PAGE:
We always use the same four stage process to ensure that we deal with all enforcement action against barristers fairly.
The Contact and Assessment Team will carry out an initial assessment. This assessment will include assessing if enforcement action might be needed. The assessment will consider if:
- the barrister, or other person we regulate, may have broken a rule in the BSB Handbook;
- there is anything which would prevent the concern from being investigated fairly; and
- the risk the concern presents is potentially serious enough for us to carry out a formal investigatation.
We will usually tell everyone concerned the outcome of our initial assessment within eight weeks.
If we decide that we should carry out a formal investigation, the Contact and Assessment Team will pass the case on to our Investigations and Enforcement Team. We will also send the barrister or other person we regulate a summary of the issues we will be investigating.
Our Investigations and Enforcement Team will carry out a formal investigation. We will write to the barrister, or other person we regulate, and any other people who can provide information, asking for their comments and any relevant documents they can provide.
This step usually takes about six months from the date we decide to investigate the concern, although it can take longer if the issues are complicated or we need to wait for the outcome of court proceedings.
Once we have all the information we need, we look at whether there is enough evidence that the rules have been broken and the risk is high enough for enforcement action to be taken. We also consider whether the concerns are ones that the Investigations and Enforcement Team has the power to make a decision on. The Investigations and Enforcement Team only have the power to decide to take no action and to impose administrative sanctions (a written warning or a fine up to £1,000 for an individual barrister).
If the Investigations and Enforcement Team does not have the power to decide the outcome of a case, it will be passed to a five-person panel of our Independent Decision-making Body to make a decision. Nearly all decisions to refer cases to disciplinary action will be taken by a panel of the Independent Decision-making Body.
Where we have passed a case on to the Independent Decision-making Body, they will assess whether there is enough evidence to show that the barrister, or other person we regulate, has not followed the rules and decide what action to take, if any. They might decide to impose an administrative sanction or, if the issue is more serious, they could pass it on to a disciplinary tribunal or to the determination by consent procedure for a decision on whether the barrister, or other person we regulate, has committed professional misconduct.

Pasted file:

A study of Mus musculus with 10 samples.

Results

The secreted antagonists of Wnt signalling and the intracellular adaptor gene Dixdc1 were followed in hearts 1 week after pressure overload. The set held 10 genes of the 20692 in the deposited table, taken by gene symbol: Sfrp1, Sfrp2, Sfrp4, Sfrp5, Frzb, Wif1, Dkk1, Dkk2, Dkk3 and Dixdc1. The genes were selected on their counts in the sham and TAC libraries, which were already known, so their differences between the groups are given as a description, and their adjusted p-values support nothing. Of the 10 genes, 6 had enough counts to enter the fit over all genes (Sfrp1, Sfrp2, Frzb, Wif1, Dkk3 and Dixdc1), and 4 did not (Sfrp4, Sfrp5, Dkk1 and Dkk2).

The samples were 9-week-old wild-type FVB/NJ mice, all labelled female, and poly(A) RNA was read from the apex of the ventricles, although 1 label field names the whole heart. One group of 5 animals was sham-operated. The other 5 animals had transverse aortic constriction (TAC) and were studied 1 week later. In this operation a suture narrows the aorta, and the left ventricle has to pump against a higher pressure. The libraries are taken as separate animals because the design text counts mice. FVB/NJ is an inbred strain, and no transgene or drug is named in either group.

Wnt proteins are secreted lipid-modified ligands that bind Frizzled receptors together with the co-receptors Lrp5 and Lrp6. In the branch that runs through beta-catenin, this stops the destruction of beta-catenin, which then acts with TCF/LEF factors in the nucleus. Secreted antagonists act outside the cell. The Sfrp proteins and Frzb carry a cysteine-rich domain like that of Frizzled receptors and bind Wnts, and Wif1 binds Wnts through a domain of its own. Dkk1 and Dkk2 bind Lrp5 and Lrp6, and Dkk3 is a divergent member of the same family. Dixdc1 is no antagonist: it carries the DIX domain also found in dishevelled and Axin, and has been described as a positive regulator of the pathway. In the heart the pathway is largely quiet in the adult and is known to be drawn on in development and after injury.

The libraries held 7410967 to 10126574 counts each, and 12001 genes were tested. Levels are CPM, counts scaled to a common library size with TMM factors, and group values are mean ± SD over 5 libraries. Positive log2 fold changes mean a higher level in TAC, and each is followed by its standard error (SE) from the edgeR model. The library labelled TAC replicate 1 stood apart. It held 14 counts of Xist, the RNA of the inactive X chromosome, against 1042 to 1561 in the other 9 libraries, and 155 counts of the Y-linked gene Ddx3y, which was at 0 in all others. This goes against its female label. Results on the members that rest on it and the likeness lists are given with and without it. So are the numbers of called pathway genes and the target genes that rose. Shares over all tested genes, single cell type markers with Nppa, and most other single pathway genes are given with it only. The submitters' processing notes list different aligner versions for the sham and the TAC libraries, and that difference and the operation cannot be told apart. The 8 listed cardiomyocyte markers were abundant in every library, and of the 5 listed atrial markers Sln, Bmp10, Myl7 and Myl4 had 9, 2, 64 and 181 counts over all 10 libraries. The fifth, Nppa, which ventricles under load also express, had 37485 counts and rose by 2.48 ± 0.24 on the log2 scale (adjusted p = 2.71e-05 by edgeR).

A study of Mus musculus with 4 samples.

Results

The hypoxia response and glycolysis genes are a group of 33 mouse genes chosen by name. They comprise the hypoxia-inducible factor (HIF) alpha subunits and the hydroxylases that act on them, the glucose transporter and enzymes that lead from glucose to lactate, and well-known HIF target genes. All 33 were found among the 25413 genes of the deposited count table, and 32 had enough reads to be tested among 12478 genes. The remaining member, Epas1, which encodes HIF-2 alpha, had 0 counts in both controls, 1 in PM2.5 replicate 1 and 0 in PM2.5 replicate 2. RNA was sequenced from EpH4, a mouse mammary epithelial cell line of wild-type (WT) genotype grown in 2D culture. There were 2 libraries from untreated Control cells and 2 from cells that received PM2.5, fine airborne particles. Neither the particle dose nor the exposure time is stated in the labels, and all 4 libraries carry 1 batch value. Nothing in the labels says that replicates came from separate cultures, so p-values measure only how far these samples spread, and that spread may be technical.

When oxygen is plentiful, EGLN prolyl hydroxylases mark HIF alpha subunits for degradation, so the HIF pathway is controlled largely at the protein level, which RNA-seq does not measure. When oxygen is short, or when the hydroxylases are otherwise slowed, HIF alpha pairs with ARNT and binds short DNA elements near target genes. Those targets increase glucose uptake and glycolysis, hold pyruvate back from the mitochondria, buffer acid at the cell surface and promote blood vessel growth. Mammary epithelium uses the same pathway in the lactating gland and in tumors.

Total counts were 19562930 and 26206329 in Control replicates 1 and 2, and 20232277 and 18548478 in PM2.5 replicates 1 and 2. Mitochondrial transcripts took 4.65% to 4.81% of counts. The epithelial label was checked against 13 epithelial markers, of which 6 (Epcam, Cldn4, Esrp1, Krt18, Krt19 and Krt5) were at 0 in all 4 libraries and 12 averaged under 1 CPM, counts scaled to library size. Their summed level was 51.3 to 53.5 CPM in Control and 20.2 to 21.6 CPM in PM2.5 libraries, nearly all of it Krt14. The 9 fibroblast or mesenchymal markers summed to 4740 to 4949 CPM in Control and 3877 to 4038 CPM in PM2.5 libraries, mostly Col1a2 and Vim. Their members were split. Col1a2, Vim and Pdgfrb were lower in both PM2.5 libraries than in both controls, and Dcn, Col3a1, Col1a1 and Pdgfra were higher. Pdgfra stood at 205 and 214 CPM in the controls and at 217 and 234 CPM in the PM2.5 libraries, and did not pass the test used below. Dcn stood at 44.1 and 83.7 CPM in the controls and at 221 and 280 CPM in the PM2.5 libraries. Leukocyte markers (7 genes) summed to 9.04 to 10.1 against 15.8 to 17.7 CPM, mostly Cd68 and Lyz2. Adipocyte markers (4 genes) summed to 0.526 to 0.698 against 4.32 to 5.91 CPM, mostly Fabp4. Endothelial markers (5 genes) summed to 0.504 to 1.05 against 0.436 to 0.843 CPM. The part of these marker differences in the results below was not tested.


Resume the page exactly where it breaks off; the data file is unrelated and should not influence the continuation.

If the barrister, or other person we regulate, agrees, the Independent Decision-making Body can make decisions on some charges of professional misconduct. They only do this where the barrister does not dispute what happened and the conduct is not serious. If the Independent Decision-making Body is satisfied that the rules have been broken, they can make a decision to:
- fine them;
- impose conditions on their licence or authorisation to practise;
- reprimand them;
- advise them about their future conduct; or,
- order them to complete continuing professional development.
We call this “Determination by Consent” because the barrister must agree to the Independent Decision-making Body making a decision in their case. For more information, see determination by consent.
If the matter is more serious, or the barrister disputes what happened, we pass the case on to a Disciplinary Tribunal. It usually takes a few months to arrange the tribunal hearing.
Disciplinary Tribunal hearings are arranged by an independent organisation called the Bar Tribunals and Adjudication Service (BTAS). At the hearing we try to prove the charges of professional misconduct against the barrister or other person we regulate. We do not act on behalf of the person who reported the concern, but as the regulator of the profession. We therefore make the decisions about what charges to bring against the person, and what evidence to present. At the Tribunal, the barrister (or other person we regulate) has the opportunity to present evidence in their defence.
If a matter does go to a Disciplinary Tribunal, the person who reported the concern may need to appear as a witness. For more information about that, see appearing as a witness at a tribunal.
The Tribunal will make the final decision on whether the barrister (or other person we regulate) has committed professional misconduct and what action should be taken. They may decide to give them a fine of up to £50,000 or suspend them for a period of up to three years. In the most serious cases, they may decide to stop that person being a barrister entirely (this is called “disbarment”) or stop them working for anybody we regulate, (this is called “disqualification”).
We will tell the person who reported the concern what the Tribunal decided.
Disciplinary tribunals usually take place within 12 months of us receiving the report about a concern, but it can take longer. For more information about that, see the disciplinary tribunals process.